The world’s second oldest person has survived the coronavirus — just in time for her 117th birthday.
The New York Times reports that Sister André, a Catholic nun born Lucille Randon in 1904, was diagnosed with COVID-19 in mid January.
She showed no symptoms other than feeling "off color" and sleeping an unusual amount, a spokesman for her nursing home in Toulon, France, told the Times.
André was isolated for weeks but remained largely asymptomatic, as many COVID patients do. She even elected to forgo her vaccine, according to the newspaper, telling Tavella that "I’m not afraid of COVID, because I’m not afraid of dying, so give my vaccine doses to those who need them."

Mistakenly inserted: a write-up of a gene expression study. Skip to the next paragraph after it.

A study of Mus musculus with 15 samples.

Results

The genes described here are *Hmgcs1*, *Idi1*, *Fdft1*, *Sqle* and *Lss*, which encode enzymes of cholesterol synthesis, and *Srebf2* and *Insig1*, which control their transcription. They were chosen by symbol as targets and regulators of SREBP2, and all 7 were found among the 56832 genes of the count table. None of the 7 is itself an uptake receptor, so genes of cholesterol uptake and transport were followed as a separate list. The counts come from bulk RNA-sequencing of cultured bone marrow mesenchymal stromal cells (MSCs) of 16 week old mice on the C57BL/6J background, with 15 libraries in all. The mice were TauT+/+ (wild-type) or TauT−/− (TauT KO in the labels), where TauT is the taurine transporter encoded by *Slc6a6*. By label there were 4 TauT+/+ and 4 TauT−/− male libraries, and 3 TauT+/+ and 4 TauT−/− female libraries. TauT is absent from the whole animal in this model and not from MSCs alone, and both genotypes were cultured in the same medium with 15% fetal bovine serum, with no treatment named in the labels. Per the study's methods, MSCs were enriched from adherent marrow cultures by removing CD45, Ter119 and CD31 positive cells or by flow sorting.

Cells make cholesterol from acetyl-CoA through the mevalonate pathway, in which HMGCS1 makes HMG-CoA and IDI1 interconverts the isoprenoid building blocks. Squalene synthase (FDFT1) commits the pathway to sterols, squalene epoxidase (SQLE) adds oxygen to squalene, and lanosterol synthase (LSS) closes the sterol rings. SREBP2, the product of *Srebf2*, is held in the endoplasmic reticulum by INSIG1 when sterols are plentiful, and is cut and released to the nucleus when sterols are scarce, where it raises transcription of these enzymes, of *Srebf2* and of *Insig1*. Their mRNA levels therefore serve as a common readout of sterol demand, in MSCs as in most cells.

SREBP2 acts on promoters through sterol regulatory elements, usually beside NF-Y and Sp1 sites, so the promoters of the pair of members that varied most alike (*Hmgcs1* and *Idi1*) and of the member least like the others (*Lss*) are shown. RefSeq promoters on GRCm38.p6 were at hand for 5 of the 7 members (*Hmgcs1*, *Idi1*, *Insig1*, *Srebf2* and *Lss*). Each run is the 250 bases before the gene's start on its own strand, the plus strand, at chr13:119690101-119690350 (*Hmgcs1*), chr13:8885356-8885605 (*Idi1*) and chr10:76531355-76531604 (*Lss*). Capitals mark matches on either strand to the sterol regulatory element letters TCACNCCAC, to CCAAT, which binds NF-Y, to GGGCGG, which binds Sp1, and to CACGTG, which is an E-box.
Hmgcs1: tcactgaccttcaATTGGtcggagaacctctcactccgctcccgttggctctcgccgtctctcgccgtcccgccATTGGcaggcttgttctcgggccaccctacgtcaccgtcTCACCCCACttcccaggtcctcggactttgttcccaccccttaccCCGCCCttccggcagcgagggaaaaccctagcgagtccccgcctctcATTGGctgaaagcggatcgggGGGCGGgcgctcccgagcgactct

"She’s recovered, along with all the residents here," Tavella told the Times. "She is calm, very radiant and she is quite looking forward to celebrating her 117th birthday."
To commemorate her birthday and good health, the nursing home threw her a feast fit for royalty — or, at least, supercentenarians who have survived multiple pandemics and world wars.
According to the Times, the menu included port wine paired with foie gras with hot figs, followed by roasted capon and a two-cheese platter with Roquefort and goat cheese. She finished it off with her favorite dessert: Baked Alaska and a glass of champagne.
"All of it washed down with red wine, because she drinks red wine," Tavella told the Times. "It’s one of her secrets of longevity."
Maybe we should all take a page out of Sister André’s book and toast to her good health.